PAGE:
The year began with US President-elect threatening to cite China as a currency manipulator and to impose a tariff on Chinese imports. Neither step was taken. The US withdrew from the Trans-Pacific Partnership, which had been negotiated for several years and was an important economic component of the US “pivot to Asia.”  


Into the summer and early fall, top administration officials reportedly saw encouraging signs. Treasury and Commerce secretaries were highlighting constructive developments. President Trump himself boasted of $250 bln in new deals with China from is recent visit.However, more recently, the tone has soured.  

Malpass, the Under-Secretary of Treasury for International Affairs was quite candid in a recent interview carried in the Financial times. Malpass was explicit:China is not moving toward a market economy. This has stalled the Comprehensive Economic Dialogue, which is the Trump Administration’s version of the structured bilateral talks that began under Bush and continued under Obama.  

The role of state-owned enterprises, and stalled, if not reversed, price liberalization is frustrating, and this serves to strengthen the hand of the trade hawks in the administration, like Navarro and Lighthizer. The Commerce Department has conducted investigations into steel and aluminum trade on national security grounds, without conclusion. Concerns about retaliation appeared to have prevent stronger action.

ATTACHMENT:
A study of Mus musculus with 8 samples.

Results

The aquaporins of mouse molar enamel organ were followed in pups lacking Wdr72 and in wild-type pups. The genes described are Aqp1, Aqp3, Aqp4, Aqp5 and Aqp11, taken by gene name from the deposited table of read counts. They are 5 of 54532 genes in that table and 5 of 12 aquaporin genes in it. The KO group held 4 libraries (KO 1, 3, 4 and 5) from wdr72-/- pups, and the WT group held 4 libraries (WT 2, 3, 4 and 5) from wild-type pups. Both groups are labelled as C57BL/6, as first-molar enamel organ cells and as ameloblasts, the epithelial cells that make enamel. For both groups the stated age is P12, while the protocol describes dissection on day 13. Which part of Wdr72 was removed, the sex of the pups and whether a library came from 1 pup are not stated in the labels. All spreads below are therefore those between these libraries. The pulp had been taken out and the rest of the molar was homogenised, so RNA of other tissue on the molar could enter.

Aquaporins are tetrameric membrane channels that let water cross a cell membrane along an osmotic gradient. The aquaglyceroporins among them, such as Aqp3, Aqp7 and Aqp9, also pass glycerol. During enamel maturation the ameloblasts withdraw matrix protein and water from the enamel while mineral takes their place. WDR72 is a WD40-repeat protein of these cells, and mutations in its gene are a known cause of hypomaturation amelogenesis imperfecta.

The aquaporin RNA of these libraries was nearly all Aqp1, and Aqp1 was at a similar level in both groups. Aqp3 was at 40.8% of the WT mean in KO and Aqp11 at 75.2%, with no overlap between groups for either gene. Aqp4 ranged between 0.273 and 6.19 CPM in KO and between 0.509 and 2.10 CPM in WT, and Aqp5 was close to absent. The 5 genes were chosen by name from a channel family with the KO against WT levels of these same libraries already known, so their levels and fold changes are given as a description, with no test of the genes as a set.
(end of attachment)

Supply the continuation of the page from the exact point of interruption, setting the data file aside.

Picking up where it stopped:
Even in the effort to isolate North Korea, the US has been careful about antagonizing China. China’s declaratory policy is to resist what it calls the extraterritorial intervention. Chinese banks are not subject to US law so sanctions imposed on Chinese companies are not legitimate. Still, the US applied sanctions to one of China’s smallest banks Bank of Dandong). China has also moved against the few Chinese executives the US has identified as helping North Korea.